Makes Luigi’s $13,000 look insignificant

The media were all agog last week, because shock horror someone got paid to work on a campaign.

And the truly horrifying amounts…just $13,000. More fuss was made of that payment to Luigi Wewege than the hundreds of thousands shovelled through Len Brown’s secret trust.

Now look at the US and wonder at the stupidity of our media. A recently settled campaign finance case in California shows you just a snippet of the amount of cash trucking around for political campaigning.

The just-settled California case offers an example of both gambits, along with a textbook case of the new dark-money shuffle. The state’s Fair Political Practices Commission traced $29 million raised to run ads about state ballot measures through a daisy chain of 501(c)4 tax-exempt groups, which are not required to identify donors—hence the “dark money.” The lynchpin for this maneuver was the Center to Protect Patients Rights (CPPR), run by a former Capitol Hill staffer named Sean Noble. Operating out of a post-office box in Arizona, CPPR’s sole function is to accept grants, then turn around and make grants for a network of conservative nonprofits.  

In the California case, $29 million from in-state donors who wanted to remain anonymous was steered to the Virginia-based Americans for Job Security, which passed $24.5 million to CPPR. Noble then made two grants: $18 million to Americans for Responsible Leadership (ARL), which passed on $11 million to the Small Business Action Committee (SBAC) in California; and $7 million to American Future Fund, which gave $4 million to the California Future Fund.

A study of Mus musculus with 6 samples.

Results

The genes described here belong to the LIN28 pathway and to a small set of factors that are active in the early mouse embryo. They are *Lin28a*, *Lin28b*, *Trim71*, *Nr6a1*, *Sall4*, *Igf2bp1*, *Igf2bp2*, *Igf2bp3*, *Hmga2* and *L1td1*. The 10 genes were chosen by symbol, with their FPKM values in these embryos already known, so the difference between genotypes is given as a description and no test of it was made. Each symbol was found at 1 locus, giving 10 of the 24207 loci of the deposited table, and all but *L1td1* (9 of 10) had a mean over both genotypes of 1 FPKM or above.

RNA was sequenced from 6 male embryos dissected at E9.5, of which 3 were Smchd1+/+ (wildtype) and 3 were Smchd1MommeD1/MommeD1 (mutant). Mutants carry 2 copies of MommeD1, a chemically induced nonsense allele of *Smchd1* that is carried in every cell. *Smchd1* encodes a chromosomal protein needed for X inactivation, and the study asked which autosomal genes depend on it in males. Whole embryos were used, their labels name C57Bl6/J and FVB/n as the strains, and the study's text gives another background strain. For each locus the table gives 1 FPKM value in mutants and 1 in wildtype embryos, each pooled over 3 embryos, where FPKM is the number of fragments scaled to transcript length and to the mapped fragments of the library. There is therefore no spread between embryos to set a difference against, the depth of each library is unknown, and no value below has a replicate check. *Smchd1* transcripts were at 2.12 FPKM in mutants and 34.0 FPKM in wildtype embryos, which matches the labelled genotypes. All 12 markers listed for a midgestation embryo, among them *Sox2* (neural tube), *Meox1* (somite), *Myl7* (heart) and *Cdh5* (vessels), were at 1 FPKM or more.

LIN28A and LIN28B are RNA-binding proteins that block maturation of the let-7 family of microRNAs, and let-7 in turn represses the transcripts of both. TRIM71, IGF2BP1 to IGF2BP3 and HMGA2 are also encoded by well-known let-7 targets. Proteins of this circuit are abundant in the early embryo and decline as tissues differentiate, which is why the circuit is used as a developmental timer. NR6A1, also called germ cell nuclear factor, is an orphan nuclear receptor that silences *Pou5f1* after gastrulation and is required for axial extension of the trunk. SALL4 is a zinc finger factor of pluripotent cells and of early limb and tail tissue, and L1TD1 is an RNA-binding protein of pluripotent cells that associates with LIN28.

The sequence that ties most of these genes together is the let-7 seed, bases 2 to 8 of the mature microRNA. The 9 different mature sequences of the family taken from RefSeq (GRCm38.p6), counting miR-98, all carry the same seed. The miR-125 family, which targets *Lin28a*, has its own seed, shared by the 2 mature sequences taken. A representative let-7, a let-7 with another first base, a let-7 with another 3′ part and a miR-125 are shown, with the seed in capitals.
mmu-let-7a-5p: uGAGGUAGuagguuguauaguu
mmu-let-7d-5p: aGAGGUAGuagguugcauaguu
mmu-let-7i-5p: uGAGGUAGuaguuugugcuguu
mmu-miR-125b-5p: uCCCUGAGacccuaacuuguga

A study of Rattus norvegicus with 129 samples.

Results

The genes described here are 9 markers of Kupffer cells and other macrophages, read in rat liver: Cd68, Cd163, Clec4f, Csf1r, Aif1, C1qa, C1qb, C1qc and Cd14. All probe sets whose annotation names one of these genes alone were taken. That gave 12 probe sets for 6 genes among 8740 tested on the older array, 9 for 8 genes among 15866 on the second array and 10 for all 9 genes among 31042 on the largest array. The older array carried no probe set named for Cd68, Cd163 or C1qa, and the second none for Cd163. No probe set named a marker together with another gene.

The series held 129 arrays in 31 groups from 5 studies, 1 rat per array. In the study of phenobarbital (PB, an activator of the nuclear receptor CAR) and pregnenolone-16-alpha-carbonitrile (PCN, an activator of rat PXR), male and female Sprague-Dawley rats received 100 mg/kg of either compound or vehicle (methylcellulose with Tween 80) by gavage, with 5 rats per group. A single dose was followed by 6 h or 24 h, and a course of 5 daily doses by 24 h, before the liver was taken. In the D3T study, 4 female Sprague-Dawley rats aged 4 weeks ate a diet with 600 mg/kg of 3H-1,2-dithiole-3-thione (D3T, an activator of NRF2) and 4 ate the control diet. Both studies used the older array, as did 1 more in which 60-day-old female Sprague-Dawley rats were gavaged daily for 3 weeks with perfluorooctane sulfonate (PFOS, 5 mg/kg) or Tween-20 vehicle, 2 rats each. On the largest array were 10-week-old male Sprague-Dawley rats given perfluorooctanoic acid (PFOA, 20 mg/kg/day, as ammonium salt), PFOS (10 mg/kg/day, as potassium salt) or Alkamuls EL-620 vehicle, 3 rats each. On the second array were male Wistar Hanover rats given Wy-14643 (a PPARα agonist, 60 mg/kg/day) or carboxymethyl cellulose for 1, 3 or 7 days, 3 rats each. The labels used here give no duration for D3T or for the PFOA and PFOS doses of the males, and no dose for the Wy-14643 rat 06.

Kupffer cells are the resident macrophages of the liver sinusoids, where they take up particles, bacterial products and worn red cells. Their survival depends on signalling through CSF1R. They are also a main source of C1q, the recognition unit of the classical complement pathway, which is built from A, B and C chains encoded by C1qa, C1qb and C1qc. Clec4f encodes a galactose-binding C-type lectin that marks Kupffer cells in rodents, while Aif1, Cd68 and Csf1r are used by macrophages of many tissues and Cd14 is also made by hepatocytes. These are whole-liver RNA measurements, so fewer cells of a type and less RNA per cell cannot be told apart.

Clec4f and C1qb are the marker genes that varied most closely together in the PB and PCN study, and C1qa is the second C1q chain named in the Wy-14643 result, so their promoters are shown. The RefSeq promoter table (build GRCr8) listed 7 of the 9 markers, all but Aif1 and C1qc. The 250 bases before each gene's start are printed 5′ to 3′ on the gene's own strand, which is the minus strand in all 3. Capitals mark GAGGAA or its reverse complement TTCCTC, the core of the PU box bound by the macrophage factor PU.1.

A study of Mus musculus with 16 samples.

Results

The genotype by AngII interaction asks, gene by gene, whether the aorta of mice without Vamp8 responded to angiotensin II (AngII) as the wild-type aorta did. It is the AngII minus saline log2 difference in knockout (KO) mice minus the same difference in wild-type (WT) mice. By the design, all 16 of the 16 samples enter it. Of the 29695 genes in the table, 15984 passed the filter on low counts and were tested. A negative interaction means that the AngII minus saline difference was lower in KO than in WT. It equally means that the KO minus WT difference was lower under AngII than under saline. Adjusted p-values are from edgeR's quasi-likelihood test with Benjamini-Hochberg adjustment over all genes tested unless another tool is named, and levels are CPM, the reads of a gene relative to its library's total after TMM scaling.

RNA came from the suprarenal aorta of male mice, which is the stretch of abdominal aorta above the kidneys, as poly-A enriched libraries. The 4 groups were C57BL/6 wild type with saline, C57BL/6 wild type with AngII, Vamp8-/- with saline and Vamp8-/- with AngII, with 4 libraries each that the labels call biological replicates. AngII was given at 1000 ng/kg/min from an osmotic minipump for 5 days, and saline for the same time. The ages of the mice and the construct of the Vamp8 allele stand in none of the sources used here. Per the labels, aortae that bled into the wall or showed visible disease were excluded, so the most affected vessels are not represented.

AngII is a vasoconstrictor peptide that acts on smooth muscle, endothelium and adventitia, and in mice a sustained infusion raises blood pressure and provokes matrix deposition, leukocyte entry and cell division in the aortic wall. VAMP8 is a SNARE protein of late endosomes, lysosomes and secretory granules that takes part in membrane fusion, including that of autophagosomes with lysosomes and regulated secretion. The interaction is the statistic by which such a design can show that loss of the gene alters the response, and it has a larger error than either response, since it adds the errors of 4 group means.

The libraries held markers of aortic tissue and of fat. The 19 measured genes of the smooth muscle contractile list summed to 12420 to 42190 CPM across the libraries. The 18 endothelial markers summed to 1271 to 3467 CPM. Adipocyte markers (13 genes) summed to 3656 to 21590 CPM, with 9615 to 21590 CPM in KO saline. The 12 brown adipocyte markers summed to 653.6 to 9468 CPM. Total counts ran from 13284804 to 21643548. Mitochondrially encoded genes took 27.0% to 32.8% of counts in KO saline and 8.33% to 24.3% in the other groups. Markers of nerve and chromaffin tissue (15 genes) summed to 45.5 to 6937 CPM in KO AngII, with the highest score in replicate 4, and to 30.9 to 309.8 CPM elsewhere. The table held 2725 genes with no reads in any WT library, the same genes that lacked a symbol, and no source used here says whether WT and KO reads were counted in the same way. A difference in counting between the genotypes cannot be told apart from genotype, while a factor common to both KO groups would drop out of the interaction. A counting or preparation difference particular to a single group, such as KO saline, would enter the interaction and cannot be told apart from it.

California officials called this “money laundering” and levied the state’s largest-ever campaign fine—$1 million—against CPPR and ARL. They also demanded that SBAC and California Future Fund pay $15 million to the state treasury, although the latter group has already closed up shop. The settlement did not dispute the claim that these violations were “inadvertent.” Nevertheless, Ann Ravel, the outgoing head of the commission, warned, “This is a nationwide issue. These groups exploit loopholes in the law to undermine the clear purpose of the law.”

They also take a nice cut for themselves. According to depositions, the fundraisers and the groups that transferred the funds split a 15-percent commission on the $29 million three ways. Overall, CPPR handled about $140 million in 2012, according to a tax return filed at the last possible moment in November 2013. Noble, its unsalaried president, steered nearly $24 million to his own private consulting firms, on top of the $10 million he paid his firms in 2011.

I have no problem with money in politics. The Act party and Colin Craig are proof positive that money can’t buy you results.

But I do think that we should remove the influence of corporates and unions from elections.

Three simple law changes would be required.

1. Only natural persons should be able to belong to political parties, there should be no affiliate status allowed

2. Only natural persons should be able to donate to political parties, no donations from corporates or unions

3. Require immediate notification of donations in excess of $1000



They say that news is something that someone, somewhere, wants kept quiet. Cam Slater doesn’t do quiet and, as a result, he is a polarising, controversial but highly effective journalist who takes no prisoners.

He is fearless in his pursuit of a story.

Love him or loathe him, you can’t ignore him.